22 January 2019
Our new War Report article Democratic Republic of the Congo: Conflict in the Eastern Regions provides background information on the current violence in the county, recent developments and the main parties to the conflict in North and South Kivu, Ituri and Northern Katanga.
The article also provides information about ongoing investigations and prosecutions by the International Criminal Court (ICC) regarding alleged war crimes and crimes against humanity in the Democratic Republic of the Congo (DRC).
Written by Giulia Marcucci, currently enrolled in our LLM in International Humanitarian Law and Human Rights, it will form part, along with other analysis of conflict situations, of the War Report 2018 which will be published in the first quarter of 2019.
The article provides information about the most prominent armed groups involved in the conflict that takes place in the eastern regions of DRC – North and South Kivu, Ituri and Northern Katanga.
‘Armed groups have been proliferating in DRC, with for instance more than 120 armed groups operating in North and South Kivu provinces alone. However, most of them do not meet the level of organization required for the application of international humanitarian law of non-international armed conflicts’ explains Dr Annyssa Bellal, Strategic Adviser on International Humanitarian Law at the Geneva Academy and Editor of the War Report.
‘The article therefore focuses on the main ones, including the Ugandan Allied Democratic Forces-Nalu, the Democratic Forces for the Liberation of Rwanda, the National Council for Renewal and Democracy, Nduma Defense of Congo and the National Peoples’ Coalition for the Sovereignty of Congo, and provides information about recent developments in eastern DRC’ she adds.
The United Nations Organization and Stabilization Mission in DRC (MONUSCO) is operating in DRC since July 2010 notably to protect civilians, humanitarian personnel and human rights defenders under imminent threat of physical violence and to support the DRC government in its stabilization and peace consolidation efforts.
From March 2013, a specialized Force Intervention Brigade (FIB) operates under the direct command of the MONUSCO Force Commander with the mandate of neutralizing armed groups and reducing their threat to state authority and civilian security. As such, the FIB has provided military support to the DRC armed forces against offensives conducted by several armed groups.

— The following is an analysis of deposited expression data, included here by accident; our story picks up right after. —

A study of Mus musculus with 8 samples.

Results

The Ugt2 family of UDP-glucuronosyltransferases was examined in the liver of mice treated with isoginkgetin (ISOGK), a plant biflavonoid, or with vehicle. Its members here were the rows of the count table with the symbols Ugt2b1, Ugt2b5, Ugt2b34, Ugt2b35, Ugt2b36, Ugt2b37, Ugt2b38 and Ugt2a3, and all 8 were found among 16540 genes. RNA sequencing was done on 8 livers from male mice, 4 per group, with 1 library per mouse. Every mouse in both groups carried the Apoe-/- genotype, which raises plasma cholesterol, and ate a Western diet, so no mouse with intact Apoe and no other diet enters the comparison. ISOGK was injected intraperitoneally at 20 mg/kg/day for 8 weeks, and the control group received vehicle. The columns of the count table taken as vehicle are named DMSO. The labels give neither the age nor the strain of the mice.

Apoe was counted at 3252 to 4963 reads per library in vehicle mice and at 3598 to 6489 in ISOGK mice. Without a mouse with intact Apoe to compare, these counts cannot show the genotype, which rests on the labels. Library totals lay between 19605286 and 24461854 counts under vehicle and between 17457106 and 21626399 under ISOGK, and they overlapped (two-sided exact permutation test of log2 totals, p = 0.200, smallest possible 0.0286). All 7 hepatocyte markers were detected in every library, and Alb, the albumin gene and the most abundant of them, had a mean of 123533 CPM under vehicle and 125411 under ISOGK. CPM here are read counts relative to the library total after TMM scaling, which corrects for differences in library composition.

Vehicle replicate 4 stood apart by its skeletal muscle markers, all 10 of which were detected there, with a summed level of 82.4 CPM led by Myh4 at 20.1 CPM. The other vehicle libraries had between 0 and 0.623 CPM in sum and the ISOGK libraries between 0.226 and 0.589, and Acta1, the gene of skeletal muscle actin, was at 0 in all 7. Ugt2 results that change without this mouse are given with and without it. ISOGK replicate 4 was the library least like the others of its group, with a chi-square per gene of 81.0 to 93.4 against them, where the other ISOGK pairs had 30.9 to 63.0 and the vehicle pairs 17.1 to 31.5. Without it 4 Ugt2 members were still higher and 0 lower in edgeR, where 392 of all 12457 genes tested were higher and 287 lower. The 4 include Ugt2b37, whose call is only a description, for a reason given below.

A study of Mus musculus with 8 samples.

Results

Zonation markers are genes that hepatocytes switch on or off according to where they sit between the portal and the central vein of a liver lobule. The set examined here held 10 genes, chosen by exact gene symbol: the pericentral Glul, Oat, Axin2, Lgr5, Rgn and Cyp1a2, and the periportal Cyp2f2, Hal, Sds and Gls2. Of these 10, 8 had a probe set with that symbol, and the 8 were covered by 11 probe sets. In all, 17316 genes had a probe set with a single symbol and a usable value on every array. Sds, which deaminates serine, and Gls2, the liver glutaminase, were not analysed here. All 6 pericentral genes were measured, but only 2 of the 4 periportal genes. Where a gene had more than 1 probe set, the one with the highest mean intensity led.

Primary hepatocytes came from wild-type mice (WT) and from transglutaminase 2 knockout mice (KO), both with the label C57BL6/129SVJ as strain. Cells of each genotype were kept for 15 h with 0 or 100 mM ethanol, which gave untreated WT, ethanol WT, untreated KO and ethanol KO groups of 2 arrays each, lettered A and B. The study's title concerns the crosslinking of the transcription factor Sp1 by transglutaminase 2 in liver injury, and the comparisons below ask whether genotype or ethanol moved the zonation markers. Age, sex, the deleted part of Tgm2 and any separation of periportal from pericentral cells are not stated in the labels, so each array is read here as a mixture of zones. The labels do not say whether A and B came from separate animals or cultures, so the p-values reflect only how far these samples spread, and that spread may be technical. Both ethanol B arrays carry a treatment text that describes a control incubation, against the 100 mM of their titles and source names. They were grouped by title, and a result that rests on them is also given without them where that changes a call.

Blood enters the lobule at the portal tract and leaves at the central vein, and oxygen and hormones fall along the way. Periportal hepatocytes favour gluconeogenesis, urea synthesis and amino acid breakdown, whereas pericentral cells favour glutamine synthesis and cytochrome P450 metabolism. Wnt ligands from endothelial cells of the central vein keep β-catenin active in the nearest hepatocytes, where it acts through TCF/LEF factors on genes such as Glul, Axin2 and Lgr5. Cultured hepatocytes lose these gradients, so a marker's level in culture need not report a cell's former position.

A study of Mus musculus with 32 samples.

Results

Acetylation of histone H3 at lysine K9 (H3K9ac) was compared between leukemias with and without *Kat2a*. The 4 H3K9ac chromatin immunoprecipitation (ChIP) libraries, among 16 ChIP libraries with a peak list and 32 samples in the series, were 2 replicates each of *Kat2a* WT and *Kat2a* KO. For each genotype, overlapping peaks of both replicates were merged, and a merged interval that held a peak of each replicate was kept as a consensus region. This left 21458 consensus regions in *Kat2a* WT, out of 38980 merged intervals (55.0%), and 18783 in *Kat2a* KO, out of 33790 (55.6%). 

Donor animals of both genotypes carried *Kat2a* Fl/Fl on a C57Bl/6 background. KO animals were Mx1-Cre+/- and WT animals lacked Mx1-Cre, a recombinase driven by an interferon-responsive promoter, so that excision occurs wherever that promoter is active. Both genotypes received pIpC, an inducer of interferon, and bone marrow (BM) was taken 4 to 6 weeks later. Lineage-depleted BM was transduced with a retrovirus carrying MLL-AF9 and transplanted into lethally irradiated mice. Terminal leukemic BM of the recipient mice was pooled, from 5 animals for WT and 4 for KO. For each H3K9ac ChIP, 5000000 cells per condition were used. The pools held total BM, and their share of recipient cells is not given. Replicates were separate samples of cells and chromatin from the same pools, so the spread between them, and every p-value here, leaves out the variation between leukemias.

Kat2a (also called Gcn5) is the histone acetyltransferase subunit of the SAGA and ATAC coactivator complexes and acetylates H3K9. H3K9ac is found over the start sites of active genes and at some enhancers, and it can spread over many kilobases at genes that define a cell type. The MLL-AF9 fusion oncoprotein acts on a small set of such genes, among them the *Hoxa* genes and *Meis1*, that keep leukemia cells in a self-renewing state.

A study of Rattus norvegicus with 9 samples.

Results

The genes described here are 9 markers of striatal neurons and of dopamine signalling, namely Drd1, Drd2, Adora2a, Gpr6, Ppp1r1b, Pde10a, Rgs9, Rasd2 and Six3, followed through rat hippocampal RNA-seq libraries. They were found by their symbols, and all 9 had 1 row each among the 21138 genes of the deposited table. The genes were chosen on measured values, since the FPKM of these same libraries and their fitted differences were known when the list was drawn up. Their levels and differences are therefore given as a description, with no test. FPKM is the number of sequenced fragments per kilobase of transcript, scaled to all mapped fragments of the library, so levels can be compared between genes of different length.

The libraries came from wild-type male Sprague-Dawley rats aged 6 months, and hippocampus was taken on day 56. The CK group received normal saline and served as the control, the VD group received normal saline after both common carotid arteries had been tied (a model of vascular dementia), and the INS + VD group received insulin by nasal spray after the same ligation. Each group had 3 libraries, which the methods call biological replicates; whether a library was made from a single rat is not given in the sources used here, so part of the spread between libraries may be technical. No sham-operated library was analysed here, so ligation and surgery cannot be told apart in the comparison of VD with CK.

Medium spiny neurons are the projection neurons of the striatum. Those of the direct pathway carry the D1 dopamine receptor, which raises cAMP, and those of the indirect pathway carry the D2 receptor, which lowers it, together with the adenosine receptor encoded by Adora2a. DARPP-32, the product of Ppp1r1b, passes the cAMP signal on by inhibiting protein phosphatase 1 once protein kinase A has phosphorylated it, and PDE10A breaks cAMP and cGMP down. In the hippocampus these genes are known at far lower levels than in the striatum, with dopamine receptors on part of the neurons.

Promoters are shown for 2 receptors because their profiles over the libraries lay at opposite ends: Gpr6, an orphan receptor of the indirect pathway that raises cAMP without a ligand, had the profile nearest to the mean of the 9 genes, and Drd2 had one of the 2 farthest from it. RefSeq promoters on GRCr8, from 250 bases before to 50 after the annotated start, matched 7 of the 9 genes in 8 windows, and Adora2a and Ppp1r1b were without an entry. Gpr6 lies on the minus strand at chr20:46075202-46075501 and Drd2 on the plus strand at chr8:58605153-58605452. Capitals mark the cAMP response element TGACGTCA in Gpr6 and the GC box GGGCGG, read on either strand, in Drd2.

‘This active involvement in combat activity makes MONUSCO a party to the conflict’ underlies Dr Bellal. ‘It also represents a radical change in United Nations peace efforts with a shift away from traditional peacekeeping towards active peace enforcement and beyond’ she adds.
In the context of political violence in Kinshasa related to presidential elections, security forces have been repeatedly accused of using unnecessary and excessive force against civilians.
As the DRC Government ratified the Rome Statute in April 2002 and referred the situation in its territory to the International Criminal Court (ICC) in April 2004, the article reviews the main allegations of war crimes and crimes against humanity committed in DRC by the various parties to the conflict.
The ICC investigations have focussed on alleged war crimes and crimes against humanity, including enlisting and conscripting child soldiers under the age of 15, murder, attacking civilians, rape, sexual slavery, mutilation and forcible transfer of populations.
‘ICC’s investigations and cases show the extreme violence of the conflicts that are taking place in North and South Kivu, Ituri and Northern Katanga’ underlines Dr Bellal.
‘In May 2018, the ICC Prosecutor visited DRC to begin an investigation into possible crimes against humanity allegedly committed during the country’s ongoing political and ethnic violence. However, in September 2018, the DRC government threatened to withdraw from the ICC’ she adds.
Our Rule of Law in Armed Conflicts (RULAC) online portal provides a detailed analysis and legal classification of the multiple non-international armed conflicts that are taking place in Myanmar between the Myanmar Armed Forces and several Ethnic Armed Organizations (EAOs), as well as between various EAOs.
Ten years after the establishment of the UN Human Rights Council, our new publication highlights the current challenges related to the Council’s approach to armed non-state actors and proposes recommendations to better address this phenomenon.
A side event co-organized with Geneva Call at the 33rd International Conference of the Red Cross and Red Crescent.
This event, co-organized with the ATLAS Network will feature prominent women in international law. Coming from different professional backgrounds, they will share their experience and advice through an interactive discussion.
This short course discusses the protection offered by international humanitarian law (IHL) in non-international armed conflicts (NIACs) and addresses some problems and controversies specific to IHL of NIACs, including the difficulty to ensure the respect of IHL by armed non-state actors.
This short course provides an overview of the evolution of the rules governing the use of force in international law, focusing on military intervention on humanitarian grounds and the creation of the United Nations collective security system. It then addresses the concept of the responsibility to protect.
This research aims at building a common understanding and vision as to how states and the relevant parts of the UN system can provide a concrete and practical framework to address human rights responsibilities of armed non-state actors.
The Geneva Academy team followed the Arms Trade Treaty (ATT) negotiations and provided key information on the negotiations, notably via a daily blog.